LEWISTON – Hospital and city officials hope to get elected officials’ blessing for a group to tackle public health issues.

City officials from Lewiston and Auburn, local nonprofits and both St. Mary’s Regional Medical Center and Central Maine Medical Center are proposing that the city councils in both cities create a public health committee. The committee would help the groups combine efforts in dealing with public health issues – from lead poisoning to possible pandemic outbreaks.

“I think it’s a surprise to most people that Lewiston and Auburn, the No. 2 and No. 4 biggest cities in the state, do not have public health offices,” said deputy City Administrator Phil Nadeau.

Hospitals handle some of those functions, such as setting up flu shot clinics. Nonprofit and other groups lead planning efforts for more difficult issues – such as planning for pandemic outbreaks or health education.

“But nobody brings it all together,” Nadeau said.

The issue came up in April 2006, after an Edward Little student was diagnosed with tuberculosis. That spurred a round of testing of 150 students and faculty before the population was given a clean bill of health by state health officials.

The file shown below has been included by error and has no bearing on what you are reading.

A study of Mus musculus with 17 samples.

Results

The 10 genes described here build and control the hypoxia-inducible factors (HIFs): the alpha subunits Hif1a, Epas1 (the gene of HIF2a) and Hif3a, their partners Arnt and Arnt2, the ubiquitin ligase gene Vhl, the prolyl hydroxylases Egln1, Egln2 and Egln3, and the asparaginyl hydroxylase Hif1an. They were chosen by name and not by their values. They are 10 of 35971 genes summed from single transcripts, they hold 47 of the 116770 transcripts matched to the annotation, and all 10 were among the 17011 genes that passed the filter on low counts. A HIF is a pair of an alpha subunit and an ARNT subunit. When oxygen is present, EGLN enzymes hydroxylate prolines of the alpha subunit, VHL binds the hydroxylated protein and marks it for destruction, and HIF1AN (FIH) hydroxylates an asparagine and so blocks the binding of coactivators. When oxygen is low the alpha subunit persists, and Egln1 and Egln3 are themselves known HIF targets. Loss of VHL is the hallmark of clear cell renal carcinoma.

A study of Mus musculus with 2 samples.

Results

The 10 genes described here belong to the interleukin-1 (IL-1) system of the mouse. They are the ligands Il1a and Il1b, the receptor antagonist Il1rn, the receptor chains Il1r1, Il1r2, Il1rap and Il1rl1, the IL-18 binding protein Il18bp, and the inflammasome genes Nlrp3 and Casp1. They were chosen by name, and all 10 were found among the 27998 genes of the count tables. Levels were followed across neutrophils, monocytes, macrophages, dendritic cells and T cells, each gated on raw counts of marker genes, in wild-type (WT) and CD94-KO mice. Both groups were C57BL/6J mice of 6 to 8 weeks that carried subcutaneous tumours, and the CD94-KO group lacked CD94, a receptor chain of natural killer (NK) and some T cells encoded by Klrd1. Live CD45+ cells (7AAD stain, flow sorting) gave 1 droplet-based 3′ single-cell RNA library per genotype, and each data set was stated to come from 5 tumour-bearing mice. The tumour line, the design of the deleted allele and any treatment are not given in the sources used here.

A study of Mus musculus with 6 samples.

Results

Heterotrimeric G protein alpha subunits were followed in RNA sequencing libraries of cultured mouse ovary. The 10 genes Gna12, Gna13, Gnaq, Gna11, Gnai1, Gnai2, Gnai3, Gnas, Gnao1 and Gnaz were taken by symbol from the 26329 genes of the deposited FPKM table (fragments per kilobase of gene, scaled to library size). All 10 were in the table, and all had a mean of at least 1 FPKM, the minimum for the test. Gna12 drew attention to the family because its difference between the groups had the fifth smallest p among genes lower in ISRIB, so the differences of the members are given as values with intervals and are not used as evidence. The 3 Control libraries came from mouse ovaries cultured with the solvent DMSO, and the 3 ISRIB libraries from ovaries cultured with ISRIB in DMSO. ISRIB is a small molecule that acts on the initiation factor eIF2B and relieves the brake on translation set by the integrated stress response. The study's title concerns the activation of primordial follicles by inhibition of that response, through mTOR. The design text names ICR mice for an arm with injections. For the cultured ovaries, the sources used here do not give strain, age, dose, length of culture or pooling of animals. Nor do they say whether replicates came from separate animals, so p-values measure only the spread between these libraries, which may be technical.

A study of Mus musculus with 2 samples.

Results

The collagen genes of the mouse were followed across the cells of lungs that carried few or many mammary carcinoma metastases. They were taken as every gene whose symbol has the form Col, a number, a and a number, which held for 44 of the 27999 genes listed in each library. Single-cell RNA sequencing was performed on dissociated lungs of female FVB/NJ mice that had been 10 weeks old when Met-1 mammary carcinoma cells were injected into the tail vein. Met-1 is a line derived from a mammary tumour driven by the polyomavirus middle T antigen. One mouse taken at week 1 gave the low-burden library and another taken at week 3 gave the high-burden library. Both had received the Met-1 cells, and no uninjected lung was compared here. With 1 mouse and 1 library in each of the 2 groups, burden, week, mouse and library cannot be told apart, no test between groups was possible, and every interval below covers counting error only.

“It went pretty well, but it underscores that fact that there is no infrastructure in place to deal with these kinds of issues,” Nadeau said.

Hospital representatives and officials from Maine’s Department of Health and Human Services, both cities and organizations like Common Ties and Healthy Androscoggin began meeting in April to draw out a plan for a health committee.

They’re recommending making Lewiston and Auburn’s city governments the source for public information on health issues.

“In Maine and in New England, people with questions contact city hall,” Nadeau said. “That’s what they’ve grown up doing. They don’t go to county agency or local hospitals. They bring their questions to their city hall, and if that’s what they’re going to do we need to be sure we’re ready with some answers.”

Organizers are recommending that Nadeau act as liaison between the committee and both cities. They’ll present their plans to Lewiston City Council at 7 tonight and to the Auburn council on Monday.

“Then, we hope to schedule some public meetings for people to get familiar with the idea,” Nadeau said. The final structure would be presented to the newly elected city councils early next year.